By Kit Gallagher
I recently had the pleasure of attending a screening of the new feature-length documentary Life, Animated. The film is based on Pulitzer Prize winner Ron Suskind’s bestselling book about his family’s journey with his son Owen’s autism. The event, held at the Brattle Theater in Harvard Square, was part of Harvard’s week-long professional-education program, Universal Design for Learning: Leading Inclusive Education for All Students. Program co-chairs David Rose of CAST and Tom Hehir of Harvard introduced the film, and Suskind himself joined them for discussion with the audience afterwards.
I know I am not alone in finding the movie absolutely delightful, moving, powerful—the audience at Sundance, where the film took home the Special Jury Prize and Best Director Award, reportedly gave a ten-minute long standing ovation. A quick Google search reveals a seemingly endless cascade of praise from nearly every angle—from big-wig film critics to special needs parenting blogs to casual moviegoers.
What is it about this movie that strikes such a nerve? Certainly the film’s stunning direction by Roger Ross Williams, who in 2010 became the first African American director to win an Oscar for Documentary Shorts, plays a large role. Owen Suskind himself is also compelling. He is poignantly self-reflective, charming, and incredibly engaging. More than any particular reason, there are multiple qualities and factors that explain the film’s success and contribute to its across-the-board accessibility and appeal. Sound familiar? Yup, you guessed it: UDL comes alive in Life, Animated.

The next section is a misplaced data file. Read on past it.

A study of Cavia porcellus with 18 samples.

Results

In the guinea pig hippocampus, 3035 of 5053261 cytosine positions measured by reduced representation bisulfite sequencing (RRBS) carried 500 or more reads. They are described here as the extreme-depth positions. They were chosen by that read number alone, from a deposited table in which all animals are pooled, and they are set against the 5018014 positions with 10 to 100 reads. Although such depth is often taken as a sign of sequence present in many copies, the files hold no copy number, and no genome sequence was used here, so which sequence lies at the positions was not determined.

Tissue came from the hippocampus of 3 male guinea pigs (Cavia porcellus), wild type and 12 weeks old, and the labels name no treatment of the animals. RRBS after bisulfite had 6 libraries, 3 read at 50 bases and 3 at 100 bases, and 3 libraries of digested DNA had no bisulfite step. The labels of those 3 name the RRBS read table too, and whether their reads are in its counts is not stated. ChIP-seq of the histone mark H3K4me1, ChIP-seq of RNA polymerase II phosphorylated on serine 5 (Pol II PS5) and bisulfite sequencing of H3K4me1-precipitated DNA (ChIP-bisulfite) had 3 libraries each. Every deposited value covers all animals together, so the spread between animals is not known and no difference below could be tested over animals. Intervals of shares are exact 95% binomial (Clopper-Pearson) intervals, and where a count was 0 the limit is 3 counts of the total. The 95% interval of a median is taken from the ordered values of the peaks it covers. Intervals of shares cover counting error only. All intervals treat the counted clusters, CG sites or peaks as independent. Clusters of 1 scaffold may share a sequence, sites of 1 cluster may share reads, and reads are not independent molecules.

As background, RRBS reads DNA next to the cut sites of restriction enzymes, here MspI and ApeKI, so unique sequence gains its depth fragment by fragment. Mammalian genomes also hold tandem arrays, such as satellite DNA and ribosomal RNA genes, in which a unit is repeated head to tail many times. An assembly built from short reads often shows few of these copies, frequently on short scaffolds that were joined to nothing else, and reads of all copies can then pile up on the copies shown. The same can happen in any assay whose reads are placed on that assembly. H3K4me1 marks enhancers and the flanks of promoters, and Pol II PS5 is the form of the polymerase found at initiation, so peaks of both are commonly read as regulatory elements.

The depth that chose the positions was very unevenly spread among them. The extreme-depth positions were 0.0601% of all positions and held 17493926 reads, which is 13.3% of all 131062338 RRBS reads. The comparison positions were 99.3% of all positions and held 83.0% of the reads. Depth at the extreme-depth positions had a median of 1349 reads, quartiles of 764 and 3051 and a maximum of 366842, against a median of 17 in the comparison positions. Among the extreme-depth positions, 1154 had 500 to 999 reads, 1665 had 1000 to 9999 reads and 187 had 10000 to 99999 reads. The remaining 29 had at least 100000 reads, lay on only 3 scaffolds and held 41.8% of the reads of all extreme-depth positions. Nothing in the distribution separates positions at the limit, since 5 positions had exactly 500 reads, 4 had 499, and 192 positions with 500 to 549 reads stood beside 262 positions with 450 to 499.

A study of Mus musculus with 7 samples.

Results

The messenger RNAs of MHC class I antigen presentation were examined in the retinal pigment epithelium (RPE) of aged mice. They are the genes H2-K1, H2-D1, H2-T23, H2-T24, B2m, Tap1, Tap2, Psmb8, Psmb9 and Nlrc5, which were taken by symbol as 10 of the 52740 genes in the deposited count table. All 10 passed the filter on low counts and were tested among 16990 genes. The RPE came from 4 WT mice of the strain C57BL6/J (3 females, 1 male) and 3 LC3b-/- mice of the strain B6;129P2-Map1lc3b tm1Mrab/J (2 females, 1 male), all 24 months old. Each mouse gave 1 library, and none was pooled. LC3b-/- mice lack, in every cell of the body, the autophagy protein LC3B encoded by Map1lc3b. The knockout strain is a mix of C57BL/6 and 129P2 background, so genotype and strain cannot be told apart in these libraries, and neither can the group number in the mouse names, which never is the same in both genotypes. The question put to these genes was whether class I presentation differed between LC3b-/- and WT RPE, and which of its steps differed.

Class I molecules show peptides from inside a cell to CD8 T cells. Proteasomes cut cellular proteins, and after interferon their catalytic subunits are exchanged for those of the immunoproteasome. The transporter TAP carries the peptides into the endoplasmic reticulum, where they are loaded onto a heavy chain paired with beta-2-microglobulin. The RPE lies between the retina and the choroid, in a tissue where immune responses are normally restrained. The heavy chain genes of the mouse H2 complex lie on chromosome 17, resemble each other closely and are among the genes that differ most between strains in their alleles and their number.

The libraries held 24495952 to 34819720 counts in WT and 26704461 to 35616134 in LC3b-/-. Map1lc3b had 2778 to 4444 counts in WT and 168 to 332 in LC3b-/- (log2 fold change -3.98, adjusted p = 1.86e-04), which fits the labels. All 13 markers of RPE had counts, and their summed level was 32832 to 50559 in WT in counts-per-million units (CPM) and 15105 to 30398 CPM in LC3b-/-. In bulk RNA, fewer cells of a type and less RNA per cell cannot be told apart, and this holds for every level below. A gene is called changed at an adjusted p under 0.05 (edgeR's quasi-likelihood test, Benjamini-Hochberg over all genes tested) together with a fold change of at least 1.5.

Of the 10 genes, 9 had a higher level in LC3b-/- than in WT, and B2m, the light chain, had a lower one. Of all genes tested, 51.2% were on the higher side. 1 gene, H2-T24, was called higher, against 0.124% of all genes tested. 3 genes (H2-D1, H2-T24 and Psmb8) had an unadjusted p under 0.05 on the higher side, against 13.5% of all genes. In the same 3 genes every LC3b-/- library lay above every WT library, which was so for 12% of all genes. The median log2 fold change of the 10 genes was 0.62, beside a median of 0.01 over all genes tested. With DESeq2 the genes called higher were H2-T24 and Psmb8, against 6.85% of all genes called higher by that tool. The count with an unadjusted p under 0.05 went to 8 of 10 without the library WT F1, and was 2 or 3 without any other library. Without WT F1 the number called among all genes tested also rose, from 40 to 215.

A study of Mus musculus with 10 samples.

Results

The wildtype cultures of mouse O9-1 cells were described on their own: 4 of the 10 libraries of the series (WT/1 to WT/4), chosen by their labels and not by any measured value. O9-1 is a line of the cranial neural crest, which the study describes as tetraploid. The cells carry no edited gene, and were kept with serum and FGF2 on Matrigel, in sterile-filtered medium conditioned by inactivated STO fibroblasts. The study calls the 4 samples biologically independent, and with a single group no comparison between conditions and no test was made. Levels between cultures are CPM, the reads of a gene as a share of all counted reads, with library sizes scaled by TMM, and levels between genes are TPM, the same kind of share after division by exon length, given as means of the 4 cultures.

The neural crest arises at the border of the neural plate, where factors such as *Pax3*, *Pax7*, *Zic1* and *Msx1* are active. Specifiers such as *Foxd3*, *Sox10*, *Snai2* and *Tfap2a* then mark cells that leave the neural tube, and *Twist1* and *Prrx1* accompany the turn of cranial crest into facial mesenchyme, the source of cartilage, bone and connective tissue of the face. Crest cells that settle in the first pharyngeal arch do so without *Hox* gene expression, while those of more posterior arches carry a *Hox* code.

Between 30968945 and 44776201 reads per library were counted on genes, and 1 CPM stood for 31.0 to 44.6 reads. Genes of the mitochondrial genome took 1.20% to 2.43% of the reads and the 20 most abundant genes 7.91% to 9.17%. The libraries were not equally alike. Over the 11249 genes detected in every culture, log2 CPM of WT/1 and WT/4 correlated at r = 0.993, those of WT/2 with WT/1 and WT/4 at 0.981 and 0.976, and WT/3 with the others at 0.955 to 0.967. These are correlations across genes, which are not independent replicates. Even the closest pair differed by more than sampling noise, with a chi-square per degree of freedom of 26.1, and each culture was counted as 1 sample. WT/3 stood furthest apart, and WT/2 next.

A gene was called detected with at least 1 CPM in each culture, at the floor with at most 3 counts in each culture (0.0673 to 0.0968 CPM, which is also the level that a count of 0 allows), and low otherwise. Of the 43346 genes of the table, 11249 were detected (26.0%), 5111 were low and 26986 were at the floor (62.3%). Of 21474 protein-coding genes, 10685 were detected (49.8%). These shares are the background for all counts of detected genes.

The movie excels at providing viewers with multiple means of representation, such as the differing perspectives of narration, accessible Disney clips and songs, the animation set to Owen’s “Sidekicks” story, the use of old home video footage and stills of family photos, and multiple camera angles and auditory cues. Life, Animated offers a remarkable variety of opportunity to understand its story, which why it speaks so powerfully to so many different types of viewers.
The film also reveals how important is it to never give up on struggling learners, how they can learn and learn to express themselves in ways previously thought impossible. In Owen’s story, he went several years without talking. Watching Disney films and learning all their lines gave him a vocabulary to express what he was feeling. He learned hundreds of lines of dialogue and memorized as many scenes. Through Disney fantasies, he could learn to understand the larger world that had been foreign to him. He learned to communicate and to relate to others through an unlikely set of means.
In his remarks after the screening, David Rose spoke to the point of variability—different types of viewers, of learners, of individuals—noting how we all exist somewhere on the “spectrum.” Life, Animated provides a wonderful example in showing us how when something is designed with such intentional inclusivity, the outcome is that much more enjoyable for all.